Despite the United States-initiated trade war against China and the efforts by the former US administration to decouple the US economy from China’s, Beijing has remained committed to keeping the country’s doors open to the outside world. And the progress it has made in creating a business friendly environment over the years has been acknowledged globally.
In the World Bank’s Doing Business report, which measures business activity enhancing regulations in 190 economies, China jumped from 46th place in 2019 to 31st last year, and was among the top 10 fastest global reformers for the second year in a row.
Thus it is no surprise that against the backdrop of FDI plunging by 42 percent worldwide due to the novel coronavirus pandemic, China surpassed the US to be the largest recipient of foreign direct investment last year with a 4 percent increase in investments by foreign companies, according to the United Nations Conference on Trade and Development.
Yet despite China’s improved business environment, foreign companies doing business in China have continued to voice concerns, calling for a shorter negative list and easier, wider market access, as well as fair competition, better intellectual property rights protection and stricter law enforcement.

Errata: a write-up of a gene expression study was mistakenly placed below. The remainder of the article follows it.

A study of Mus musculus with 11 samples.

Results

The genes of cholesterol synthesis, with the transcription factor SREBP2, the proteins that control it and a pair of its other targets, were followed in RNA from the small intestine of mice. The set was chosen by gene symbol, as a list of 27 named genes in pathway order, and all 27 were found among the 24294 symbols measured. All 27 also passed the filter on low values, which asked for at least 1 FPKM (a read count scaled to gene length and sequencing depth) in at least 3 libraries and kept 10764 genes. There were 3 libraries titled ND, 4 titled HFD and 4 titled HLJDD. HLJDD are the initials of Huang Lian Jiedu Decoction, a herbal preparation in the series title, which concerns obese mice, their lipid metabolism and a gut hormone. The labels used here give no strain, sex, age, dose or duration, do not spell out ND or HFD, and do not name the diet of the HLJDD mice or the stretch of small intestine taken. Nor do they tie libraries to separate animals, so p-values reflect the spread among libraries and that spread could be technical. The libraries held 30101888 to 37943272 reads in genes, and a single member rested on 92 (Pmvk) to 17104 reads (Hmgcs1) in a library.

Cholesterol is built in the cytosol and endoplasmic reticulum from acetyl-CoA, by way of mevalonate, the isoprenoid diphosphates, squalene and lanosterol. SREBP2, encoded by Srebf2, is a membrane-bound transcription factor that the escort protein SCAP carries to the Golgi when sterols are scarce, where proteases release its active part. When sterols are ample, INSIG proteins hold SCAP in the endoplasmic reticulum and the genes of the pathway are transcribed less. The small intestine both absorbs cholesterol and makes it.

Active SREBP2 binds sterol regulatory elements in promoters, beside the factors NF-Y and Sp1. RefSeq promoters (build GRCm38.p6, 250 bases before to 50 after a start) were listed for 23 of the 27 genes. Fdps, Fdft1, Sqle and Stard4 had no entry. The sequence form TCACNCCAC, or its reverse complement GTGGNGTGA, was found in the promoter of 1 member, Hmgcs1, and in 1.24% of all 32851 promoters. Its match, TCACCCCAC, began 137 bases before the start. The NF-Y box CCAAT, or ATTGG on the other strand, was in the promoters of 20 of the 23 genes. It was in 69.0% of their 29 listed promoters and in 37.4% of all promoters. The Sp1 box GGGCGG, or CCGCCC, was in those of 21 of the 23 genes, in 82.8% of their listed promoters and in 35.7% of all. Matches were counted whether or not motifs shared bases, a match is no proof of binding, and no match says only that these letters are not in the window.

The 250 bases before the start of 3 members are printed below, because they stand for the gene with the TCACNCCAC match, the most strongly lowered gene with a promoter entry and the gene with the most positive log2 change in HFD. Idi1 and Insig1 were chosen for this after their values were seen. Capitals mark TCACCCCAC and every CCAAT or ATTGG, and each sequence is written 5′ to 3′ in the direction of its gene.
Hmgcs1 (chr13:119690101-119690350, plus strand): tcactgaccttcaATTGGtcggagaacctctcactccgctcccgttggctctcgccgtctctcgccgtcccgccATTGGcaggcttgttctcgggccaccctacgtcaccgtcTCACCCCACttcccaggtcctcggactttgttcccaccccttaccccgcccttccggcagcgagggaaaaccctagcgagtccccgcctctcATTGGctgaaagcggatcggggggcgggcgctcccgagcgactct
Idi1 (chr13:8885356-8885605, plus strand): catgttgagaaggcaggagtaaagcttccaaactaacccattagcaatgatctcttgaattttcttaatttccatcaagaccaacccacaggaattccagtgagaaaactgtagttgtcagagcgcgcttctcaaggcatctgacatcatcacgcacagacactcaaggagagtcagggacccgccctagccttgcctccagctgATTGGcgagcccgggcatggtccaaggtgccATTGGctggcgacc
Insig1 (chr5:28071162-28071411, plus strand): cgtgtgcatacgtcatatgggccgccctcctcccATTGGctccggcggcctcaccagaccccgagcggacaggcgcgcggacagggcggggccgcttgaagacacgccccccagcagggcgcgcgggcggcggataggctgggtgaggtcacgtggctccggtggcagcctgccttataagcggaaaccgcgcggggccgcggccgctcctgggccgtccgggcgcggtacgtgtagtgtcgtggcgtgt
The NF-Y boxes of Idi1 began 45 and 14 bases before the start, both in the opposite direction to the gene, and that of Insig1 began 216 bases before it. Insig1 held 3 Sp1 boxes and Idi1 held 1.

A new action plan released by the government on Sunday to guide the building of a high-standard market system in the next five years addresses these issues while providing new impetus for the country’s growth momentum.
The plan proposes to strengthen and improve anti-monopoly and anti-unfair competition law enforcement to ensure fair competition, along with comprehensive improvement of the IPR protection system and the full implementation of the negative list system for market access.
Indeed, the markedly improved business environment that will result from the more than 50 specific measures set out in the plan will be good News for all businesses, foreign and domestic alike.
By ensuring the completeness of market institutions, fair competition and the role of government in maintaining the market order, the plan aims to build a high-standard market system that will facilitate the new “dual circulation” development paradigm that takes the domestic market as the mainstay while allowing the domestic and foreign markets to boost each other.
In doing so, the plan sets the stage for a unified and open market, featuring orderly competition, as well as sound policies, regulations and governance. It marks the further upgrading of China’s opening-up and development.